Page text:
Schoolboy Q : Blank Face LP

Schoolboy Q Blank Face review

Because of Kendrick Lamar’s leap into critical and commercial superstardom, the loose collective of MCs surrounding him, Black Hippy, can at a lazy glance seem underwhelming by comparison. (And in the case of say, Ab-Soul, well…some of them are underwhelming.) But ScHoolboy Q (nee Quincy Hanley) is nobody’s second banana. Breaking through with 2012’s independently released Habits & Contradictions, he’s been making hip-hop that’s solidly rooted in West Coast gangsta rap traditions but also a showcase for his own distinct persona—emotionally oversharing, veering between internal conflict and external expressions of violent anger or vulnerability. Blank Face LP, his fourth album and second on a major label, proceeds according to Q’s blueprint but with more maturity and richness than ever before.

This is a long record, due to the slow pace of most of its songs as well as sheer length, and it’s not an easy listen. The majority of Blank Face’s first half is fueled by anger and menace—appropriate moods when considered in the context of recent shootings of black men by police. (Q said that Blank Face LP was mostly complete by December 2015, but on the eve of the album’s release put out a remix of lead single “That Part” that directly addressed the killings of Alton Sterling and Philando Castile.) Tracks like “Groovy Tony/Eddie Kane” and “Ride Out” drag you into the Hoover Street area of South Central where Q grew up, where instruments of death and degraded consciousness are easier to obtain than fresh food. Crawling drum machines and creeping synths dominate much of the production in the first half—under Q’s dextrous flow, which is equally captivating whether it’s shouting promises of violence or speaking calm passages of deep introspection.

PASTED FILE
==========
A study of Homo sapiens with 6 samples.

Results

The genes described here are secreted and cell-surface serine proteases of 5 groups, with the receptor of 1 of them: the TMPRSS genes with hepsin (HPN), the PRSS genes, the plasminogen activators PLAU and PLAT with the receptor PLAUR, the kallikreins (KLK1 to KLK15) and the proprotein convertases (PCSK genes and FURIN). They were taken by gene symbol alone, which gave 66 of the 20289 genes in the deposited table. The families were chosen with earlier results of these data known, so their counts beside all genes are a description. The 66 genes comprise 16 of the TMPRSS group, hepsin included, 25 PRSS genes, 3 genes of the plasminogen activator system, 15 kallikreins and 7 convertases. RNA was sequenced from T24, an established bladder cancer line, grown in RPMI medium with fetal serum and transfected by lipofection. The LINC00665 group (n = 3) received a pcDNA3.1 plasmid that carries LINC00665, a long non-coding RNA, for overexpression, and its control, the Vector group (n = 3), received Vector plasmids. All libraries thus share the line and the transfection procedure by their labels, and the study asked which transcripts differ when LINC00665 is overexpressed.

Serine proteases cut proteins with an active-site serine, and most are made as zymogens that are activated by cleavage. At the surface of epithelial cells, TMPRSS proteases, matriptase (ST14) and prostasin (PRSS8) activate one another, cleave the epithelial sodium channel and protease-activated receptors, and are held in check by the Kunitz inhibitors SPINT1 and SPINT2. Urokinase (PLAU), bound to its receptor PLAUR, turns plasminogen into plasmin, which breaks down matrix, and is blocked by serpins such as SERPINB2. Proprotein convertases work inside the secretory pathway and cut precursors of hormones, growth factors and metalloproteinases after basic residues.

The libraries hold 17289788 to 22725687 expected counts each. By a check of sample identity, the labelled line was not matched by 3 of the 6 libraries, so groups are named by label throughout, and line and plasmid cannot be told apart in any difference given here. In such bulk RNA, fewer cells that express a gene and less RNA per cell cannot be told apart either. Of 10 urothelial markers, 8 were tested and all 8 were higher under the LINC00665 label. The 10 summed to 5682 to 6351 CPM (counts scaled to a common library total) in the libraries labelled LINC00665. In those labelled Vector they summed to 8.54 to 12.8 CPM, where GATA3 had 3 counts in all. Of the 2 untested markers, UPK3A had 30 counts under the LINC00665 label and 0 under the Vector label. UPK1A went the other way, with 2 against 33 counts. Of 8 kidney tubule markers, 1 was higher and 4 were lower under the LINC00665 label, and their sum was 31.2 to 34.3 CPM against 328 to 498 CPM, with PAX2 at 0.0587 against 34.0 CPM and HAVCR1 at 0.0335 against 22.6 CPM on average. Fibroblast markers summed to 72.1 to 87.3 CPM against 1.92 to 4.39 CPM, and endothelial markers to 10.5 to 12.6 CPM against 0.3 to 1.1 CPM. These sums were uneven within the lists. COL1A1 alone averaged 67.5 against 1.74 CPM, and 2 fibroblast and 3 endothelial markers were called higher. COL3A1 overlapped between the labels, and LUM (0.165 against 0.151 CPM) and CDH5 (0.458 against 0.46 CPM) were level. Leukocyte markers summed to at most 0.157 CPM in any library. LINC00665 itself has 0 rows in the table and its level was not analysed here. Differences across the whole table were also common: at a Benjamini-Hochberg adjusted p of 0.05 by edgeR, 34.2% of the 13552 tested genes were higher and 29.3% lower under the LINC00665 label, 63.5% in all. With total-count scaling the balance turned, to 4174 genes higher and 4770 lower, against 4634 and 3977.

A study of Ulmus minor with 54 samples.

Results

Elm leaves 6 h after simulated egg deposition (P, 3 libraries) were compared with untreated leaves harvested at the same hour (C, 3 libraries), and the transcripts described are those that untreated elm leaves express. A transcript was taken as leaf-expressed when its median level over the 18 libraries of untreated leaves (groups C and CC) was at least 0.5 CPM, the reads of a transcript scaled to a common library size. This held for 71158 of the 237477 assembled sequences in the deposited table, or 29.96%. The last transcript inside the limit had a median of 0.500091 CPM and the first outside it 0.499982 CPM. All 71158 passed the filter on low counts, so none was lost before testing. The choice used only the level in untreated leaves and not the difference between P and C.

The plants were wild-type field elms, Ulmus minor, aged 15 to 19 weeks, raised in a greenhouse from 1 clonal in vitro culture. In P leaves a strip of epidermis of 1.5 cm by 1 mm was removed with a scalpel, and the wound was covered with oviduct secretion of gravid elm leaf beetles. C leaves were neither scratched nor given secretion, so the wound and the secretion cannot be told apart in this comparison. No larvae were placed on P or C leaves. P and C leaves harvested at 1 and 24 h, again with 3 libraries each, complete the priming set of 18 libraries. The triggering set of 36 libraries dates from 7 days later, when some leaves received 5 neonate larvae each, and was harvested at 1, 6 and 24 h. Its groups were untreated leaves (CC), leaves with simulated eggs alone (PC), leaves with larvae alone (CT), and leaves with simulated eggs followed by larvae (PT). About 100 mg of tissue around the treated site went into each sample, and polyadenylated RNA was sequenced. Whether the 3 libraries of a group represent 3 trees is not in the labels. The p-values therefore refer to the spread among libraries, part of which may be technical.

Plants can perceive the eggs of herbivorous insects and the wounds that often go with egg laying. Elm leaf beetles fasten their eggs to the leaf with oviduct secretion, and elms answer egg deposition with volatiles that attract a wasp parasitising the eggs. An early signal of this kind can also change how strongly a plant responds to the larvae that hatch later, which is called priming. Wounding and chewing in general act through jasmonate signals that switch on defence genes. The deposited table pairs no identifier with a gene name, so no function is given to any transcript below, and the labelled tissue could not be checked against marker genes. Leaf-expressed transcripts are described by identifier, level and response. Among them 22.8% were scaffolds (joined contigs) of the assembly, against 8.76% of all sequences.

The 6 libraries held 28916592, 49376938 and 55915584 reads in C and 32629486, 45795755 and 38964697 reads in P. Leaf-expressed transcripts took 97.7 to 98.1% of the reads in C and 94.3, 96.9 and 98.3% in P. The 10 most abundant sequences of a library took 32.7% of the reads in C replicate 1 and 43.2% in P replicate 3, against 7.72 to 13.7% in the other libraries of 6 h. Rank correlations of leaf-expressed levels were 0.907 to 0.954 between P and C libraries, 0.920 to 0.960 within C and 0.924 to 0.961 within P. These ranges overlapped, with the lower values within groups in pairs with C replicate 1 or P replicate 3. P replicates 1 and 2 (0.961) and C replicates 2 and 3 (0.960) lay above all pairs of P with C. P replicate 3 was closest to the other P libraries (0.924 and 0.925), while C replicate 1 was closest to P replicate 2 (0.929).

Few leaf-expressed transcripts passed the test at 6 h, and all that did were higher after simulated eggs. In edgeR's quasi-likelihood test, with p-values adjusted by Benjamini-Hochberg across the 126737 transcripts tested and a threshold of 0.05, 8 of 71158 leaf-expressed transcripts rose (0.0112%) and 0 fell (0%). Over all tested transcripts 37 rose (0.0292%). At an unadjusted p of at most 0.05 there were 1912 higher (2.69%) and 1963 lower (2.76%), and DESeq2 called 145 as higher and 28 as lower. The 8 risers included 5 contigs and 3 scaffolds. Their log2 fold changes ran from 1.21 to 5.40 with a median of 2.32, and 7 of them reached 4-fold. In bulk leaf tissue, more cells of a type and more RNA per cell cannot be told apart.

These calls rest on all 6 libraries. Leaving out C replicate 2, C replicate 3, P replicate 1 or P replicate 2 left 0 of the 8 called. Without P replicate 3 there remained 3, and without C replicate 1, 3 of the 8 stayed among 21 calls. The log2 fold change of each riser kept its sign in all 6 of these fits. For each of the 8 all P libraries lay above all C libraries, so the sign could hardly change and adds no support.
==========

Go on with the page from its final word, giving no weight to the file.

Around the point of the eleventh track, “Big Body” (featuring West Coast vets Tha Dogg Pound), the occasionally monochromatic bleakness of the record recedes somewhat and it opens up into a more thoughtful mood. The darkness doesn’t disappear; Q’s remake of 2Pac’s classic “Str8 Ballin” and the funk-soul of “Neva Change” are both fatalistic in their acceptance of poverty and hustling as endemic realities of South Central L.A. Rather, it becomes balanced by wishes for growth and change. “Black Thoughts,” with its swirling organ riffs and boom-bap rhythms, could pass as a more dour Native Tongues track or an outtake from Kendrick’s To Pimp A Butterfly that Q hijacked. It’s arguably the album’s lyrical peak, hitting hard right from the first verse: “Pissy sofas, sharing food with roaches/I’m gangster Crip, my poppa was a bitch/Left me where hope just don’t exist, and every neighbor got a fence with/Bars on windows, my momma slavin’ for the rent.” Ugly reality, to be sure. But unlike the angrier first half of the album where Q’s impulses lead him to violence out of a “fuck-it” mentality—which by all accounts is true to his life as a younger man—he pledges to strive for a better reality now.

Blank Face relies more on guests than any previous ScHoolboy Q project. Yet with the exception of “That Part,” which Kanye West basically hijacks, none of them overshadow Q—they only complement him. Vince Staples raps the hell out of his verse on “Ride Out,” but his perspective as a bleak South Central storyteller is in line with Q’s and doesn’t overpower. E-40’s insouciance fits right in on the dangerous bounce of “Dope Dealer,” and Jadakiss invests the already vicious “Groovy Tony” with so much additional fury you wonder if any second the track is going to pull a pistol on you of its own volition. Guest vocalists including SZA, Anderson .Paak and Miguel add their unique melodic flavors to later, calmer tracks on the album.

If anything is missing from Blank Face that you’d expect to find on a ScHoolboy Q album, it’s the immediate anthems: Habits had the eternal “Hands On The Wheel,” while Oxymoron boasted not only “Collard Greens” but also certified bangers like “Man of the Year,” “Hell of a Night” and “Los Awesome.” On Face, “That Part” comes close and tracks such as “Dope Dealer,” “Big Body,” “John Muir” and the aforementioned “Tony” certainly have their catchy moments, but there are even more tracks that wouldn’t make any sense as singles. The trade-off here is that listeners get more of a considered statement than anything else Q has released.